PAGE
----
H. R. 4166
IN THE HOUSE OF REPRESENTATIVES
March 8, 2012
Mr. Doggett (for himself, Mr. Ellison, Mr. Keating, Mr. Quigley, and Mr. McDermott) introduced the following bill; which was referred to the Committee on Energy and Commerce
To amend the Toxic Substances Control Act to prohibit the manufacture, processing, distribution in commerce, and use of coal tar sealants, and for other purposes.
This Act may be cited as the
Coal Tar Sealants Reduction Act of
Congress finds that—
polycyclic aromatic hydrocarbons are a group of organic compounds, some of which are—
probable human carcinogens, having been identified as such by the Environmental Protection Agency;
toxic to aquatic life; and
present in exceptionally high concentrations (relative to other possible sources of environmental contamination) in pavement sealants, also known as sealcoats, made from coal tar;
coal tar sealants are widely used on playgrounds, parking lot surfaces, airport runways, and driveways;
research conducted by the United States Geological Survey indicates that elevated levels of polycyclic aromatic hydrocarbons in waterways, where they are toxic to aquatic life and enter the food chain, are associated with use of these coal tar sealants;
research conducted by the United States Geological Survey indicates that elevated levels of polycyclic aromatic hydrocarbons on parking lots, where the dust may be tracked into homes and increase health risks, are associated with use of these coal tar sealants;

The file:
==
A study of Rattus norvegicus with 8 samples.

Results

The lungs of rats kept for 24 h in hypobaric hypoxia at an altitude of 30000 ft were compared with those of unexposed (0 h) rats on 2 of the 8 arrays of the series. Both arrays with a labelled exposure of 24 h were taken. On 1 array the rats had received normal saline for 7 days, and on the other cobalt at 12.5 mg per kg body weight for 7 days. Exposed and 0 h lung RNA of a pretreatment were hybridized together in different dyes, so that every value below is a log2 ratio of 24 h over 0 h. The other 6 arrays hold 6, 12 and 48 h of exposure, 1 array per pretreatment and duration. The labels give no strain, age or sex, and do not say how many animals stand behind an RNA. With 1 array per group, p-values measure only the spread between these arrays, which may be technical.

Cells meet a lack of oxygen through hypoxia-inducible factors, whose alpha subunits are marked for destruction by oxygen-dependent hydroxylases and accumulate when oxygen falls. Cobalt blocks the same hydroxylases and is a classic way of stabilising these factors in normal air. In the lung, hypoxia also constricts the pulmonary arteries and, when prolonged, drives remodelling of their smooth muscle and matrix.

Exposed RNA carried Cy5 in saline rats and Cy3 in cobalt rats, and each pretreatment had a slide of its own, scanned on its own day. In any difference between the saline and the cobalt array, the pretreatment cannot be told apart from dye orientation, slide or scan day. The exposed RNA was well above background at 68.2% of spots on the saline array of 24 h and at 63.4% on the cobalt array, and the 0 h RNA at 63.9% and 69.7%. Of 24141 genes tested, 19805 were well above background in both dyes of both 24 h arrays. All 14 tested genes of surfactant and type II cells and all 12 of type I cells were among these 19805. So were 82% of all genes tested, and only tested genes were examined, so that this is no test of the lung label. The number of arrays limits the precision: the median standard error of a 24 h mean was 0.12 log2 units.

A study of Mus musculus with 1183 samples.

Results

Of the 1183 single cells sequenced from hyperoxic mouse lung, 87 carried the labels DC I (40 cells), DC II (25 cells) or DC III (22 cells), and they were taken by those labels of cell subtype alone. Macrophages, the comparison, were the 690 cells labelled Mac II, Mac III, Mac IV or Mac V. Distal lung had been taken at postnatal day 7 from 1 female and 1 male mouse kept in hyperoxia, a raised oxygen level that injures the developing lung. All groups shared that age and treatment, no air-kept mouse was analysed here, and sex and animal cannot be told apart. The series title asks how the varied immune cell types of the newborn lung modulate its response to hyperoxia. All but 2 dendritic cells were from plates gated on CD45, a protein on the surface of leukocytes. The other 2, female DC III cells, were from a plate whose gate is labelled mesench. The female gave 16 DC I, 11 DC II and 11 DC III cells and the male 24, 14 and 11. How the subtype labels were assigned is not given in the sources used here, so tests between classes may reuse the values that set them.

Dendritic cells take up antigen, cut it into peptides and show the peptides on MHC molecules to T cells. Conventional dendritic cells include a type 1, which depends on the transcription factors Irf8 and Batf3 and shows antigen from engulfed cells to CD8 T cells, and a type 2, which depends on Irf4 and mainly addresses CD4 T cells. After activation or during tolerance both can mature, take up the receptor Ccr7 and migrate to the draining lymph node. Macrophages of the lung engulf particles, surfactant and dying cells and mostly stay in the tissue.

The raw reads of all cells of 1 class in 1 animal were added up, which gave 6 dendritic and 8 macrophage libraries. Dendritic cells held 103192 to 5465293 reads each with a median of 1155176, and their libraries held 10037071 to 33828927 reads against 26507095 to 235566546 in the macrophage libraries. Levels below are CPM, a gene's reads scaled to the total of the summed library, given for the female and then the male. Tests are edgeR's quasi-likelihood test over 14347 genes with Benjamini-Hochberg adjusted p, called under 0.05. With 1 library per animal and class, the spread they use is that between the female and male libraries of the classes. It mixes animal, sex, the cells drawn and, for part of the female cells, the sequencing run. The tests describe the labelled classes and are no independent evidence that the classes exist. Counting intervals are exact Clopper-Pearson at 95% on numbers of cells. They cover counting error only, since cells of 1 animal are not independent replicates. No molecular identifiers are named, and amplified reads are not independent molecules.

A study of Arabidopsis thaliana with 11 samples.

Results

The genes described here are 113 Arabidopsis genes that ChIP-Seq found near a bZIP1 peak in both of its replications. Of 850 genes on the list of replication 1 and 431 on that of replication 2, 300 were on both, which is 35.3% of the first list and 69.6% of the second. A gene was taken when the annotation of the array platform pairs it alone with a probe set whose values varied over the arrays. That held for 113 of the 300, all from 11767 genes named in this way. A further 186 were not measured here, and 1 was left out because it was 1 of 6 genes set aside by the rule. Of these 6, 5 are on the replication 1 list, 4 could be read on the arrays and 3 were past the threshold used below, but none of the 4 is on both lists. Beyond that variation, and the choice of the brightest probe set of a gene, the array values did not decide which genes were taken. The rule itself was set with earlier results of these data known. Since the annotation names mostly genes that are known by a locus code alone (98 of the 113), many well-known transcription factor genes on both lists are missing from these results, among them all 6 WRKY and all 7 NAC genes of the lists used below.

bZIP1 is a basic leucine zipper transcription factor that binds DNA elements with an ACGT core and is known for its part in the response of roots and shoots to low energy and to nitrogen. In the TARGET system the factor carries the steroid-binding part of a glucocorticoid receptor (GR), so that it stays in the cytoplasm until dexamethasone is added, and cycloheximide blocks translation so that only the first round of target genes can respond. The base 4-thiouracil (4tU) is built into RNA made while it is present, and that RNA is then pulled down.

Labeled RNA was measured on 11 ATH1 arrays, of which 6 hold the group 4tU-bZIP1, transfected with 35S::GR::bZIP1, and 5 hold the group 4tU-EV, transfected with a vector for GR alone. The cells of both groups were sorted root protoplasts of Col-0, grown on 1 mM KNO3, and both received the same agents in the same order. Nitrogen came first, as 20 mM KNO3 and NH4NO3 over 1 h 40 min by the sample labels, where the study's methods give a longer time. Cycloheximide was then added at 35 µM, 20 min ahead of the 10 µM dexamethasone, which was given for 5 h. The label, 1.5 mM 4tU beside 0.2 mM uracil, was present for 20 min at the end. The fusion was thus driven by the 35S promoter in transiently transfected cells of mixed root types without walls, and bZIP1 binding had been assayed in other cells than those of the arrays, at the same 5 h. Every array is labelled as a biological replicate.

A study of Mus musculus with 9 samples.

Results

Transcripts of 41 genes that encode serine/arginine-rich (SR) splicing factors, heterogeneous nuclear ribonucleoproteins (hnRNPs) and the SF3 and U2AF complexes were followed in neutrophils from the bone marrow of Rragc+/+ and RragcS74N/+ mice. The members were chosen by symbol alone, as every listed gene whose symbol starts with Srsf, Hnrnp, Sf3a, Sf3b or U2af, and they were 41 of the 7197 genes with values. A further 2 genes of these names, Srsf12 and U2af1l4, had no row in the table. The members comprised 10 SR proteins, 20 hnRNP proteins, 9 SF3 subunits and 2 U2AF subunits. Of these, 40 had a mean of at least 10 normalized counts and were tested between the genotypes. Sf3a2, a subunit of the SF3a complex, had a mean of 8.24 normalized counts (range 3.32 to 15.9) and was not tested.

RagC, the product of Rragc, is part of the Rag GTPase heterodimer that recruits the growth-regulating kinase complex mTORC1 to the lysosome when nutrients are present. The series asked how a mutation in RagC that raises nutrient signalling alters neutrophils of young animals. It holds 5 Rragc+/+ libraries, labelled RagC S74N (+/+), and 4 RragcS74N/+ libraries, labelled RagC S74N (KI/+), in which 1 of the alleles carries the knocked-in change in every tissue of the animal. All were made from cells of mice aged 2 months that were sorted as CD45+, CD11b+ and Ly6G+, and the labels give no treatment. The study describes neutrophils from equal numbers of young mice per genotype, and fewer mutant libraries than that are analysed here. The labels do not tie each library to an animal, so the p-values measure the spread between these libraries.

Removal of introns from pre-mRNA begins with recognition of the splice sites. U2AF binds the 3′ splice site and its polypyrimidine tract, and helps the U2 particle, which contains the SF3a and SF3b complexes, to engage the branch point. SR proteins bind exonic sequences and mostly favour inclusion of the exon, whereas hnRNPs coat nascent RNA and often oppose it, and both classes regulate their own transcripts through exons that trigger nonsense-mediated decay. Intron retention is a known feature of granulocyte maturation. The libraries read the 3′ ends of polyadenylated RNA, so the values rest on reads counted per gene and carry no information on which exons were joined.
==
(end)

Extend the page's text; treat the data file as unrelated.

alternative, coal tar-free sealants are available in the marketplace, and nationwide retailers Lowe’s and Home Depot have voluntarily committed to cease carrying coal tar sealants;
Austin, TX, was the first municipality to enact a ban on the use of coal tar sealants, which went into effect in 2006, and other local governments have successfully instated similar restrictions; and
in 2011, Washington State became the first State to enact such a ban.
Coal tar sealants
Section 6 of the Toxic Substances Control Act (15 U.S.C. 2605) is amended by adding at the end the following new subsection:
Coal tar sealants
No person may—
manufacture any coal tar sealant after the date that is one year after the date of enactment of this subsection;
process or distribute in commerce any coal tar sealant after the date that is one and one-half years after such date of enactment; or
use any coal tar sealant after the date that is two and one-half years after such date of enactment.
Authority of Administrator
The Administrator may promulgate rules to prescribe methods for the transportation, storage, and disposal of coal tar sealants.
Any rule under subparagraph (A) shall be promulgated in accordance with paragraphs (2), (3), and (4) of subsection (c).
Relationship to other Federal laws
This subsection does not limit the authority of the Administrator, under any other provision of this Act or any other Federal law, to take action respecting any coal tar sealant.
In this subsection, the term coal tar sealant means any product intended for use on a paved surface that contains any substance identified by the Chemical Abstracts Service number 65996–93–2, including ingredients listed as coal tar, refined coal tar, refined tar, or refined coal tar pitch.